The Power of Lobbying: Theodoros Koutroubas that 'bad guy'
Lobbying is the great alibi of politics. When something is not done, due to inability or lack of will, the blame is put on the lobbies and their alleged power to put a spoke in the wheels. Mariella Palazzolo and Marco Sonsini of Telos A&S discussed this with Theodoros Koutroubas, Professor of Political Science at the Catholic University of Leuven and Director General and Senior Policy Advisor of the European Council of Liberal Professions-CEPLIS. You can watch here "the best" of the live broadcast of 16 December 2021. Joking about the reputation of the profession, Koutroubas called himself a 'bad guy' as he is a lobbyist and a scholar of the lobbying phenomenon. So he is twice as bad. For the professor, blaming failed political decisions on lobbies is “pure fiction.” Koutroubas also challenges the argument put forward by detractors of the profession, who accuse lobbyists of representing particular interests to the detriment of the common good, as if it were easy to make a clear distinction between the two spheres. “In democracy the common good is the fruit of an on-going, never-ending negotiation between the individual good of every citizen. There is no common good written in the stars or in any holy book or in the mind of any auto declared saviour of the country”, claims Koutroubas and recalls his childhood in Greece: “When I was still four, we had a dictatorship which was telling it was for our common good we should not have election and we should have the tanks in the streets. Every dictatorship in the world is working on this common good.”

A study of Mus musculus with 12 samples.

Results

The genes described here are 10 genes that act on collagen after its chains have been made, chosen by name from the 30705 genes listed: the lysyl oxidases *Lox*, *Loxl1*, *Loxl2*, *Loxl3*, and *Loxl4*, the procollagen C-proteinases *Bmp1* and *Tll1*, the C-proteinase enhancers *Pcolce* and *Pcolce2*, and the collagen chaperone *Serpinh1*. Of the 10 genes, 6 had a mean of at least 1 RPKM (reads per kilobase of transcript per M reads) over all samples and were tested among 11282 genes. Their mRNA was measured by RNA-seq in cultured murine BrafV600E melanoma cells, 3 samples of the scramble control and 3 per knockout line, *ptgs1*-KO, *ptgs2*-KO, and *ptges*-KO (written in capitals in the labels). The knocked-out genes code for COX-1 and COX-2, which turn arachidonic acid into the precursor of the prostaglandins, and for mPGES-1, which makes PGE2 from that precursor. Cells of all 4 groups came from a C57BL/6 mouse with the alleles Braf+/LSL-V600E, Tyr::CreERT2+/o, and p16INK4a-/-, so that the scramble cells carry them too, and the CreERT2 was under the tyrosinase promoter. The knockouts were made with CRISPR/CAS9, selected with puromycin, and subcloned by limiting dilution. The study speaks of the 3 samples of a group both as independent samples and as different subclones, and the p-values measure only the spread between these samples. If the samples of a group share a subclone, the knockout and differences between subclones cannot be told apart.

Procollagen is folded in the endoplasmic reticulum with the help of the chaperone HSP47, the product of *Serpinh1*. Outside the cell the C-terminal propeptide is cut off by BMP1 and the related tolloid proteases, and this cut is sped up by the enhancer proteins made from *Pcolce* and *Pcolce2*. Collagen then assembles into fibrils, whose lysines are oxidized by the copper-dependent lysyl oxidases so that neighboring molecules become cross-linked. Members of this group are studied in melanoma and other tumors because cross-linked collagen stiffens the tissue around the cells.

On the question of regulating lobbying, Koutroubas launches a provocation. To Sonsini's comment on the Italian situation “And so far the effort to regulate our sector in Italy has only produced a so called register for lobbyists, which I find disappointing because in our view registers do not address the real issues at stake”, Koutroubas replies “I think that the first thing one needs to do, if one needs to regulate the activity of lobbying is to regulate the decision maker. One needs to regulate the most important part of the equation and the most important part of the equation is definitely not lobbyists.”
Let us not forget that we lobbyists can argue and represent the theses of our clients to the Institutions in the best possible way, but the decision, the final choice, including the political one, and law-making is the exclusive responsibility of the Institutions.
With the conversation on the power of lobbying we closed our series of live events entitled Shall We Call Power Odd and Scary Beast? dedicated to the presentation of our volume the collection TWO. We would like to mention and thank: the antitrust expert Mark Leddy, the political philosopher Jason Brennan, the director of BBC West Africa Toyosi Ogunseye, the journalist Federico Fubini, the President Emeritus of the Chamber of Deputies Luciano Violante, the President of the Section of the Council of State Michele Corradino and the Head of Institutional Affairs of Intesa Sanpaolo Jacques Moscianese.